Some of them have lost their jobs in the pandemic, others are retirees or they’re on disability.

Many were there seeking help, not just for themselves but for friends and other family members.

The long loop of vehicles range from a high-end Ram truck and a shiny black Cadillac to rusty old pickups and faded minivans.

Many in the car line are older people, some have kids in the car and others have their dogs.

Several of the drivers spoke with me about the impacts of COVID-19.

Eureka retiree Terry Heil says he cans most of his own vegetables and doesn’t trust supermarket food. He isn’t hurting much himself during the pandemic — but others in his family are.

“Mainly this is what this is for, that I’m coming up here to help feed the rest of the family,” Heil said.

Al Kabay of Fort McCoy had to close his restaurant-cleaning business on May 1st.

“I had some money, it wasn’t a lot, in savings — like most people don’t — and been going through it,” Kabay said. It goes quickly when none’s coming in, it’s all going out. You’ve got your car loan, you’ve got your insurance payments. Thank God my property’s paid for and home’s paid for.”

He has brought his neighbor’s young son with him, hoping they can collect for her family as well.

One driver, Angela Pina, is a mother of two who works at the school. Her boyfriend lost his job thanks to COVID-19 and this food will help stretch their reduced income.

“It’s just been really hard, especially when you have kids it’s hard to manage all of that on a teacher’s salary,” she said. And she laughed.

For his part, Captain Jack Barker of Fort McCoy says the pandemic is a huge hoax cooked up by the radical left. Has it affected him?

“No, heaven’s no,” Barker said. “Nor anybody I know.”

The vehicles pull up one by one to the front of the school. And about 20 volunteers, including several with the Public Education Foundation of Marion County, put bags and boxes and bottles in the trunks and truck beds.

Leighsha Johnson coordinates the effort for Farm Share.

About 20 volunteers helped distribute food provided by Farm Share at Fort McCoy School in east Marion County on Wednesday. Photo: Joe Byrnes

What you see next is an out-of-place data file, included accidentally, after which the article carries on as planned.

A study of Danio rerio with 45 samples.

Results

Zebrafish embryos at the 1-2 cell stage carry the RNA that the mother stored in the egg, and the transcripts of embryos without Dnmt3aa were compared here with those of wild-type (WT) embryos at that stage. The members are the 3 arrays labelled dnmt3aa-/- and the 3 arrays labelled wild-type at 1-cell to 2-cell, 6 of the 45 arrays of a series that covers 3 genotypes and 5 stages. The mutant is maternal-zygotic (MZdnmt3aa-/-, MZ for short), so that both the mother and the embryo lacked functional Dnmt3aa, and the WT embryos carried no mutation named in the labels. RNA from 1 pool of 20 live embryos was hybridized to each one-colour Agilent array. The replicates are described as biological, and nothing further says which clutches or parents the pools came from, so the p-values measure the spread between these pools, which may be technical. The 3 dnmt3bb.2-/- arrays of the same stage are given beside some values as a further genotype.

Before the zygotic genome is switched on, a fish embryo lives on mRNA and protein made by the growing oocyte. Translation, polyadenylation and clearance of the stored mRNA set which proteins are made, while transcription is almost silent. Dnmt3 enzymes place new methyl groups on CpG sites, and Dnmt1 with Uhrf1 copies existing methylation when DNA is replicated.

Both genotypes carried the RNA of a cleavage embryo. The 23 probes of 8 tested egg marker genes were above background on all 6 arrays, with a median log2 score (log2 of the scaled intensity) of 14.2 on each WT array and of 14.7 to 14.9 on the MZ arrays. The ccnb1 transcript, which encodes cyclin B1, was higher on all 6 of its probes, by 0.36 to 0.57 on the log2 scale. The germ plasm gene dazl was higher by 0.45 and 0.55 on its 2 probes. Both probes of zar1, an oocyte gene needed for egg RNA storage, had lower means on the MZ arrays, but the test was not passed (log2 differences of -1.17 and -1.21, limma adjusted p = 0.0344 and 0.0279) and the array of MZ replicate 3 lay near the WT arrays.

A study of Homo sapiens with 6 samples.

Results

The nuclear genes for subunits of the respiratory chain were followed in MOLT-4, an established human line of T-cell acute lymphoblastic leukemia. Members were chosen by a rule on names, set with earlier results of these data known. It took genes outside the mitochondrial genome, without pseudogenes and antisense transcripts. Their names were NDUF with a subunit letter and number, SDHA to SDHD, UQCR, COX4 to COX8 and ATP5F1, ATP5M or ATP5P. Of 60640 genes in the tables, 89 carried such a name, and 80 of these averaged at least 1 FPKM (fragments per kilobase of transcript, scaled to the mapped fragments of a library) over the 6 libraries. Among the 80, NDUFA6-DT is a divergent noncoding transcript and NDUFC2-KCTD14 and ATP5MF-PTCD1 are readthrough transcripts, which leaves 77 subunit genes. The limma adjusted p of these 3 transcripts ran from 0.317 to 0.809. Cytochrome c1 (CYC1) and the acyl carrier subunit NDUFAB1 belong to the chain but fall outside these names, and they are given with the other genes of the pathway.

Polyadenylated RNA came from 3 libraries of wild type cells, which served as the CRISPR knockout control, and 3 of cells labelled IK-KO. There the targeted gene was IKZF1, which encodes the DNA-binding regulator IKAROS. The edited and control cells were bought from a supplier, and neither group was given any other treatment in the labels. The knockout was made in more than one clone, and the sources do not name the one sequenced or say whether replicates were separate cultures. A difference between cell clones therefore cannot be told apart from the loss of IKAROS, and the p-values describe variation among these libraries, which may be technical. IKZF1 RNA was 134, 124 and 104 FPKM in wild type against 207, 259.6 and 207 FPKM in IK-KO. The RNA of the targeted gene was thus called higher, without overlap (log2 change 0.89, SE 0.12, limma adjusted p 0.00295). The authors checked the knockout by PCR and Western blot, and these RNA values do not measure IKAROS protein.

The nonprofit partners with farmers in Florida and throughout the country and works with food pantries, churches and schools to distribute donated and surplus food to needy families.

“So today they’re receiving milk, cereal, fruits and vegetables, chicken, butter, milk, rice, tuna, all sorts of items,” Johnson said.

Since the beginning of March, Farm Share says it has distributed more than 31 million pounds of food.

“Of course there was always a demand in food, but since COVID-19 that demand has tripled,” she said.

As the vehicles leave the campus, School District workers hand out meals for children.

And principal Jennifer Fisher says Fort McCoy School’s business partner — Phoenix Wood Products — has enabled them to buy food for a list of needy families.

“We have been providing macaroni and cheese, applesauce, some fruits, sometimes some vegetables, some meat, nonperishable food,” she said.

She’s happy Farm Share chose their school.

“There is a great need for this community, great need. We are so blessed they asked us to host it and we will host any time they ask. We want to help as many people as we can.”

Farm Share has dozens of distribution events scheduled this month, including one in Ocala on June 25 and two in Orlando after that. Visit farmshare.org for times and locations.



About Joe Byrnes

Reporter

Joe Byrnes came to WMFE/WMFV from the Ocala Star-Banner and The Gainesville Sun, where he worked as a reporter and editor for several years. Joe graduated from Loyola University in New Orleans and turned to journalism after teaching. He enjoys freshwater fishing and family gatherings.